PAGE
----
Comptroller Stringer Report: Local Residents Left Behind in Gentrifying Neighborhoods
Twenty-four percent job growth in gentrifying neighborhoods far outpaces the rest of the city, but too few jobs are going to long-time local residents
Stringer calls for renewed affordability and jobs strategy to combat employment disparities and residential displacement
Report includes first-ever analysis of economic and demographic trends across all 188 New York City neighborhoods
Amid explosive economic growth across New York City, Comptroller Scott M. Stringer today released an updated 2018 edition of his “Neighborhood Economic Profiles” report finding that local residents in gentrifying neighborhoods are largely being left out of recent economic expansion. The analysis found that in the 24 neighborhoods identified as gentrifying, just one-third of net new jobs in these areas were filled by people of color, who represent the vast majority of local residents. To bridge the gap, Comptroller Stringer is calling for renewed investment in workforce development – including strengthened engagement between the City, local businesses, and job seekers – as part of a holistic affordability strategy.
The new gentrification analysis accompanies updated economic snapshots of New York City’s 59 community districts, first published last year, as well as a first-ever analysis of economic and demographic trends across all 188 New York City neighborhoods.
“The economic growth in our neighborhoods is good news, but only if it means real opportunities for the working families, seniors, and immigrants who built these communities in the first place. This report clearly shows that local residents are getting left behind as already struggling New Yorkers are finding it harder than ever to afford living here,” said New York City Comptroller Scott Stringer. “We need to fully fund workforce development programs, build community partnerships, and prepare local residents with the necessary skills and training so that they can thrive in their growing neighborhood economies.”
In the 24 neighborhoods identified as “gentrifying” in the report, local employment jumped by an average of 24 percent, nearly triple the growth rates in “low-rent, non-gentrifying areas” and far outpacing those in “high rent neighborhoods.” The fastest growth was found in Claremont-Bathgate in the Bronx, Williamsburg and Crown Heights South in Brooklyn, and Central Harlem South in Manhattan, where the number of jobs rose by over 40 percent since 2010.
High levels of job growth, especially for young employees and those in higher wage jobs, exemplify why gentrifying neighborhoods should be spaces of economic opportunity for local residents. However, the analysis found that new jobs often failed to reach local residents of color who make up the vast majority of both residents and job seekers. Additionally, these wide disparities in job outcomes suggest that gentrification may have a stronger effect on the labor market than the residential market.
To address these disparities and help combat residential displacement, Comptroller Stringer’s report provided several recommendations for connecting long-time residents to local jobs and investing in workforce development. Those recommendations include:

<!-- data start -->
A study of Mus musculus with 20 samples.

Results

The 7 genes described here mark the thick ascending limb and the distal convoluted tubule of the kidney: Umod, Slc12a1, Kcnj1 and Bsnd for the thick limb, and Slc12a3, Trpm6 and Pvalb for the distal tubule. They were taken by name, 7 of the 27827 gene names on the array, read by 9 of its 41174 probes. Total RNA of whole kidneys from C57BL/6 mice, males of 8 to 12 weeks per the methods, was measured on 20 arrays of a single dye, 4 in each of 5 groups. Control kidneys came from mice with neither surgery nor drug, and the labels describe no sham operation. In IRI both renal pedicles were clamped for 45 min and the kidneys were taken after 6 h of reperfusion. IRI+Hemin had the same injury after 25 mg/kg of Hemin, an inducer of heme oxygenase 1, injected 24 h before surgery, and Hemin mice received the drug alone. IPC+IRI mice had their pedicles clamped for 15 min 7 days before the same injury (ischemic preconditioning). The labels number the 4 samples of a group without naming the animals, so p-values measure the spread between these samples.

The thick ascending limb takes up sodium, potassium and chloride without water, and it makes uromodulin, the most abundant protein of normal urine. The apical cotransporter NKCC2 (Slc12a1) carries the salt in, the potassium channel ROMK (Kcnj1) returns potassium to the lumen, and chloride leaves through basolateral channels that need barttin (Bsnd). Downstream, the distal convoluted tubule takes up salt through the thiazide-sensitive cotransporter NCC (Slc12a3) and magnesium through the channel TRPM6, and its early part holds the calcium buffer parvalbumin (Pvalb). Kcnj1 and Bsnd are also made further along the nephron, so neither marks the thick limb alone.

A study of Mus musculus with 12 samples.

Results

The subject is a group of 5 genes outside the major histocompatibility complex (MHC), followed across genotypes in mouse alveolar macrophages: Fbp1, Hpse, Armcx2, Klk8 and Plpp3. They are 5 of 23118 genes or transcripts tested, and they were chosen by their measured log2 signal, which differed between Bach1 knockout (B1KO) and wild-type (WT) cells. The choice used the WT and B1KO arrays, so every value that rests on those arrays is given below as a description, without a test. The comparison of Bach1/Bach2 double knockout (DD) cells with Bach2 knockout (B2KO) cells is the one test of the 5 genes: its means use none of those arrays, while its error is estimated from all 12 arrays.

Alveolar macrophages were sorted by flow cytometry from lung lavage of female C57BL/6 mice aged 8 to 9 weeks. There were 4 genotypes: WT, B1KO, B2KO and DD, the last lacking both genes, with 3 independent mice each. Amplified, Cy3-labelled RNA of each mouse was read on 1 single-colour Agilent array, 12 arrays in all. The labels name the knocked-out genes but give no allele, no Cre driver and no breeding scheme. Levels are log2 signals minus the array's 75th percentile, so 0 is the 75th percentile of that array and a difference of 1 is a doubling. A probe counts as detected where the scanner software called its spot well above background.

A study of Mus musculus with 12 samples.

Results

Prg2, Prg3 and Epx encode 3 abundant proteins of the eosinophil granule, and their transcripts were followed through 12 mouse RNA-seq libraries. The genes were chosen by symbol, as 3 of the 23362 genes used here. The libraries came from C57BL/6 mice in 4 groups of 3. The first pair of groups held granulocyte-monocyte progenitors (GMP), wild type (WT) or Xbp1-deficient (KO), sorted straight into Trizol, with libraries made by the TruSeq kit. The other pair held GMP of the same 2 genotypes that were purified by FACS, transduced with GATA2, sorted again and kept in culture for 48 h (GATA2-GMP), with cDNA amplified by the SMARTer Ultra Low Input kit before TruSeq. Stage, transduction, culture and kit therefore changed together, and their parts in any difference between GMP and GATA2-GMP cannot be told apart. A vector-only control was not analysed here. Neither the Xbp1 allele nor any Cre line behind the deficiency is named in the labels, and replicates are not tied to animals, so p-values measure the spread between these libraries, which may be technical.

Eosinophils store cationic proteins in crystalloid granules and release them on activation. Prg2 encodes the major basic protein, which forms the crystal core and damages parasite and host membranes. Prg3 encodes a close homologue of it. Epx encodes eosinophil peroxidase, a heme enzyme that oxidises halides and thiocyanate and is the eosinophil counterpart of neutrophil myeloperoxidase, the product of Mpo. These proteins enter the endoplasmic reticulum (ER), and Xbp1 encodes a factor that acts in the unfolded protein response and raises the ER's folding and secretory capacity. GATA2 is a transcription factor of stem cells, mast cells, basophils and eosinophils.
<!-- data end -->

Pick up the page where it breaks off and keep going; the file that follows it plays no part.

The City should honor the goals set in its Career Pathways plan, which are currently far off-track. While the City promised to invest $60 million per year in “bridge programs” pairing academic instruction with workforce development services by 2020, as of FY 2017, only $7.5 million was budgeted.
For example, the New York Basic Education and Skills Training (NYBEST) program at LaGuardia Community College has placed hundreds of New Yorkers in healthcare jobs. Non-profit providers like The Door and Per Scholas — whose TechBridge partnership offers IT certification, English-language training, and other supports — have also produced impressive results. These programs should be emulated and expanded throughout the city.
The City should empower the Mayor’s Office of Workforce Development, allowing it to set policy and funding priorities for the more than one dozen agencies that engage in skills-building and job placement. As a first measure, an Executive Director should be appointed, filling a position that has sat vacant for more than six months.
The City should develop stronger ties between local community boards and nonprofits to ensure that any business or new development that comes before the Boards is referred to job placement and training organizations.
The City should also encourage stronger partnerships between local workforce development organizations so that they can provide better end-to-end support services and work together on job placements.
In last year’s “The New Geography of Jobs” report, Comptroller Stringer highlighted the work of the Lower East Side Employment Network—a partnership of seven lower Manhattan workforce development providers and Community Board 3—and encouraged similar partnerships across the city. Since that time, similar collaborations have taken root in the South Bronx and Flushing, Queens.
The City can help preserve longstanding neighborhood businesses by developing a “re-entrepreneur” program and online portal, similar to efforts in Barcelona and Quebec. These programs connect retiring small-business owners with aspiring entrepreneurs and provide guidance for transferring and reinvigorating local businesses. Introducing a Re-Entrepreneur program – as well as more effective entrepreneurship programs – can help preserve neighborhood anchors and maintain some continuity along New York’s fast changing business corridors.
To read the full report, including economic snapshots on New York City’s 188 neighborhoods and 59 community districts, click here.